Thursday, June 28, 2012

SCOTUS decides its version of Obamacare (not the one Congress voted on) is constitutional

Today's Supreme Court ruling on the Patient Protection and Affordable Care Act (Obamacare) and its individual mandate is an interesting case of judicial activism. BTW, I am not opposed to the judicial branch being aggressive in overruling the political branches of government when what those branches are doing is unconstitutional. This whole idea of "deference to the elected branches" is nonsense. Either a law is constitutional as passed or it is not, regardless of how much the Congress or President like the law or how good their intentions are or whether they believe they are addressing some pressing need or whatever else. A court should be active in getting rid of unconstitutional laws, whether the left or the right likes them. What a court should not be active in doing is rewriting laws that were never voted on (and likely would not have made it through the political process). That appears to be what has happened in the Court's ruling on Obamacare.

The individual mandate was not said to be a tax when it was passed. The proponents didn't argue that it was a tax when they urged voting for it and the administration hasn't been arguing that it was a tax during its earlier legal challenges (with good reason, as it appears neither apportioned nor uniform). Is it "effectively" a tax in order to bolster its possible constitutionality? Why does the Court care? The Court's job is not to 1) contrive some hypothetical law that might constitutionally accomplish the stated aim of an actual unconstitutional law and then 2) rule as if the actual law were the hypothetical one. It's Congress' job to pass laws that meet constitutional muster and it's the Court's job but to toss out the laws that don't.

This is not a trivial issue because adding law-writing or law-rewriting to the portfolio of unelected justices is fundamentally undemocratic. Quite simply, it's not in the Court's mandate to rehabilitate the laws that fall short. Having Congress dodge political bullets by passing unconstitutional laws and sending them to the Court for constitutional editing without the need for a re-vote is a perversion of our legislative process. In this case, that perversion allowed Obamacare supporters to do an end-run around the thorny issue of needing to vote for a tax increase (on the mostly young and lower income folks who do not choose to buy insurance) as part of their bill - a bill which would not have passed the legislative gauntlet if what Roberts et alii now choose to interpret as a "tax" had been called that when the voting was done.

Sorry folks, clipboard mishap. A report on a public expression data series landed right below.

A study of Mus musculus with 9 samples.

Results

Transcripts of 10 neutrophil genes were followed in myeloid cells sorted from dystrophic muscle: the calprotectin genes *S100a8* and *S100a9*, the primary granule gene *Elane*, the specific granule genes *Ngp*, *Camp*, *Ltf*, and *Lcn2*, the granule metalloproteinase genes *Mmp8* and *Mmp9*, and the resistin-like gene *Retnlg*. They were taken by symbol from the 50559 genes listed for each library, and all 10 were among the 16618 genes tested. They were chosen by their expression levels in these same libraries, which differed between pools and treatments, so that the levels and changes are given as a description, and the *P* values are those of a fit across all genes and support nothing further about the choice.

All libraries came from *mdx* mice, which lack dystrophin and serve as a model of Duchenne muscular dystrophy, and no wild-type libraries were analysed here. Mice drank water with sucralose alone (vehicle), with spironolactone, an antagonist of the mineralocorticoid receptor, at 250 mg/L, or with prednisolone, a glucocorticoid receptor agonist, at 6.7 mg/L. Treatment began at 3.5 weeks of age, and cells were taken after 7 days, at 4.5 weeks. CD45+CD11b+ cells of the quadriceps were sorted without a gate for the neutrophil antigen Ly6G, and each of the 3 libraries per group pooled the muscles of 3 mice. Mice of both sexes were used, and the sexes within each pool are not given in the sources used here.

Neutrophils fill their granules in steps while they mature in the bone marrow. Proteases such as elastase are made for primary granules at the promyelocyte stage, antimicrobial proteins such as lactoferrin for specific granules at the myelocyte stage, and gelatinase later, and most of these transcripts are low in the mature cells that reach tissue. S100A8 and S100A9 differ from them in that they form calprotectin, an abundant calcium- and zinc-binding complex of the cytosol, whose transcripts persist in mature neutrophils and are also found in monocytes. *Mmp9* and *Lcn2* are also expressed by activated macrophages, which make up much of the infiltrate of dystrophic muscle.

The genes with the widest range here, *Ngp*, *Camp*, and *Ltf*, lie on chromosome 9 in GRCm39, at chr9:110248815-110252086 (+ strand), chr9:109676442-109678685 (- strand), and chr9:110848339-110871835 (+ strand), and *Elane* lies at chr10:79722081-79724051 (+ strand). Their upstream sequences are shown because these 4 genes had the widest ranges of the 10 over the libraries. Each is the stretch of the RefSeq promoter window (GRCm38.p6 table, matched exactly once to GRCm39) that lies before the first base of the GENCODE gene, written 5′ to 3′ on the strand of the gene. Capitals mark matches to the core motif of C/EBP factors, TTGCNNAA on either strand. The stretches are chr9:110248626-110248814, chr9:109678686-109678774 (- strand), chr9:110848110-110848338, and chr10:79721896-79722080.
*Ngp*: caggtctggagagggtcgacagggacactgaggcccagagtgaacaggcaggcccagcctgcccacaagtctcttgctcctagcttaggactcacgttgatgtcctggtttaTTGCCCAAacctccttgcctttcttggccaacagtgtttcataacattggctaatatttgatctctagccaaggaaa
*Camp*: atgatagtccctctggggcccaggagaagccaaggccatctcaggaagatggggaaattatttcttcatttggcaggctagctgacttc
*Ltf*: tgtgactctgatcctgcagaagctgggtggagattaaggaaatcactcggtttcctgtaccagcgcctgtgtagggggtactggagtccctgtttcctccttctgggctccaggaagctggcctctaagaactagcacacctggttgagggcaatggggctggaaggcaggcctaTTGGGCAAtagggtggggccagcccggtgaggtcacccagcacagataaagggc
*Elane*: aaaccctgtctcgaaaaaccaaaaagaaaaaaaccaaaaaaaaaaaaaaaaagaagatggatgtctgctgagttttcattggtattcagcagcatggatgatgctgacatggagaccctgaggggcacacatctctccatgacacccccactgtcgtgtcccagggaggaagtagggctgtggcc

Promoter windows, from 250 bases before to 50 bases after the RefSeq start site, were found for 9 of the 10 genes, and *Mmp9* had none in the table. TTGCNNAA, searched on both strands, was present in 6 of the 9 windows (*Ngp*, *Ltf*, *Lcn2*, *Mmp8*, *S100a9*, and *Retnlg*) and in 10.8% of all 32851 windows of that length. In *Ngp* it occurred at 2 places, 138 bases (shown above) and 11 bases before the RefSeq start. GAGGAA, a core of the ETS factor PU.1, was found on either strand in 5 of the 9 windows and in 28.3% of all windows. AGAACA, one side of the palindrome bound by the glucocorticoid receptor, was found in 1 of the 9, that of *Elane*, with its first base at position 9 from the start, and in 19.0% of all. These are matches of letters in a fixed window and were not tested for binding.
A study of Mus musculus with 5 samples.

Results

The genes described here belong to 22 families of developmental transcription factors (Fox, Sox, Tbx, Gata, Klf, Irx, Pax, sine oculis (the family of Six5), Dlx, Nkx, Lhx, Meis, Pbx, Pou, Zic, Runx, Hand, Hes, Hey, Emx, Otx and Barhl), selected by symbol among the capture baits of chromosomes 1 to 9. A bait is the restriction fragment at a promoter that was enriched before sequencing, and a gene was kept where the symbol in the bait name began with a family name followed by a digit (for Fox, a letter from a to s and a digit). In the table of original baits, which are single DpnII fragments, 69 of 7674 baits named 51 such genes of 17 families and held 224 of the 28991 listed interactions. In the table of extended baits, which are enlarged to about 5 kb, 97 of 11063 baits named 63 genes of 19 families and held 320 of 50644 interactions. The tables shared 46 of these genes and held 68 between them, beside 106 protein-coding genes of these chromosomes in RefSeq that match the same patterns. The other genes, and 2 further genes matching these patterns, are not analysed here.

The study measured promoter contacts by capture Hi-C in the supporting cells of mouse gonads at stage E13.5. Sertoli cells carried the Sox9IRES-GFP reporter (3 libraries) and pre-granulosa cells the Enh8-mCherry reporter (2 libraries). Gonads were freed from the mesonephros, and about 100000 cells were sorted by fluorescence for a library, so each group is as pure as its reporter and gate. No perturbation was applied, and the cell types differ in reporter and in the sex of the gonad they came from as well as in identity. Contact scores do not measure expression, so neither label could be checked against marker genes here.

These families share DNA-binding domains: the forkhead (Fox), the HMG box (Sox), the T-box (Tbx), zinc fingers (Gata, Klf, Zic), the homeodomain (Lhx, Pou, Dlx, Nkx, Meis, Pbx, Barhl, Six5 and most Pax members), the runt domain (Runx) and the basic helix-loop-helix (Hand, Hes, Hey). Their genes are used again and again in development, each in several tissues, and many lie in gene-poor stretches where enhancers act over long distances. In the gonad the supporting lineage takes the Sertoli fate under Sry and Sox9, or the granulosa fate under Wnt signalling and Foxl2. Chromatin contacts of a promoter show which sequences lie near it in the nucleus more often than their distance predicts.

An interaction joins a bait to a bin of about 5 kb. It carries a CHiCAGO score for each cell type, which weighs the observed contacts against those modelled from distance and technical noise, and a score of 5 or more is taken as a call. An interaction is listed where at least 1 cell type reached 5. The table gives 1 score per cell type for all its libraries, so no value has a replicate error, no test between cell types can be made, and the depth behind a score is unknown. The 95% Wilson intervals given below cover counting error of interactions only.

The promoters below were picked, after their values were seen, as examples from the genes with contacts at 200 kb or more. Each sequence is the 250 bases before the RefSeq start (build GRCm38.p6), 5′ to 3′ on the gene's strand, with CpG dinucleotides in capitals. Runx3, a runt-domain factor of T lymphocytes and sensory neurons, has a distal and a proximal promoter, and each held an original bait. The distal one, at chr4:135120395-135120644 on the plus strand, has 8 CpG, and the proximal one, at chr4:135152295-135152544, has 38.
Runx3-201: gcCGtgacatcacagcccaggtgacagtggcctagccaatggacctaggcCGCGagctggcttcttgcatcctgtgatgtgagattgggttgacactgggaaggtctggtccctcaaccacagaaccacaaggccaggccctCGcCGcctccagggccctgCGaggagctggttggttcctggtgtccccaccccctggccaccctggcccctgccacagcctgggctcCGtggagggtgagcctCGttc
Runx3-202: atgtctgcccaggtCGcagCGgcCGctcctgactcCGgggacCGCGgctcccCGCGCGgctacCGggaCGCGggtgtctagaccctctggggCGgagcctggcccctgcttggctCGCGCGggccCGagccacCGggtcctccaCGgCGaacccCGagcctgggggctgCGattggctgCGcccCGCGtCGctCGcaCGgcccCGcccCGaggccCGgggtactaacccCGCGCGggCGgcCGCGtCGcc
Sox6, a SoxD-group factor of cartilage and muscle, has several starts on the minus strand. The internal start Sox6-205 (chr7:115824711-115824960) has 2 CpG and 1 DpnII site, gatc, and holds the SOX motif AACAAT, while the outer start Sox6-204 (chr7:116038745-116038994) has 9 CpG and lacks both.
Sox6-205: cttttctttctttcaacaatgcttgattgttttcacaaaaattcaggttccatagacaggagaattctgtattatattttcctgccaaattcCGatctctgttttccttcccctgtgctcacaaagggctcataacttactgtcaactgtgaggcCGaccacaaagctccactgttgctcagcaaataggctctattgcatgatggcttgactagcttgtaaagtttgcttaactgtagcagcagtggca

There is so much more to say on this decision, but I will limit my notes to a quicky pros and cons roundup:

BAD: Chief Justice Roberts has shown himself to be another wishy-washy Justice, willing to carry water for the explicitly political branches of government rather than adjudicating the constitutionality of the laws as they were passed.

GOOD: Justice Kennedy gets another item in his 'plus' column, which is good, even though his 'minus' column is pretty well-populated, too. Unfortunately, he wasn't the deciding vote on this case.

GOOD: The Court reasserted that there are some vague limits on the power granted by the Commerce Clause.

BAD: The Court nullified any practical value of those limits by adopting an incredibly liberal reading of the taxing authority. Under the current reading, Congress can effectively command any activity by sufficiently penalizing via "tax" the lack of that activity, as long as a thin veneer of revenue generation can be claimed.

GOOD: The political impact of this decision is likely to energize opponents of Obamacare and help steer the Fall 2012 elections in a direction that repeals the law. Assuming, of course, that President Obama is unable to capitalize on the fact that the GOP has chosen among its Presidential nominees the one with the least believable stand against government intrusion into health care.

BAD: Gone forever is any credible claim by RINO apologists that it is critical to vote for even weakly limited-government Republicans because that vote at least ensures steadfastly originalist judicial appointments. Then again, maybe ending that excuse for voting for bad candidates is not such a bad thing.

There is a long road ahead for Obamacare, even aside from the outcome of the 2012 Presidential race. It's probably too much to hope that California will be among the states that refuse to set up health insurance "exchanges". Keep in mind that the IRS has no authority to collect the $3000 employer penalty in states where federal (not state) exchanges are set up. But, many states are refusing to do so and even HHS Secretary Kathleen Sebelius has admitted there may be a need to set up federal exchanges for 15 to 30 states. In a time when businesses have ample reason to flee California, let's hope our state forces the federal government to bear the burden of these exchanges without further burdening our employers.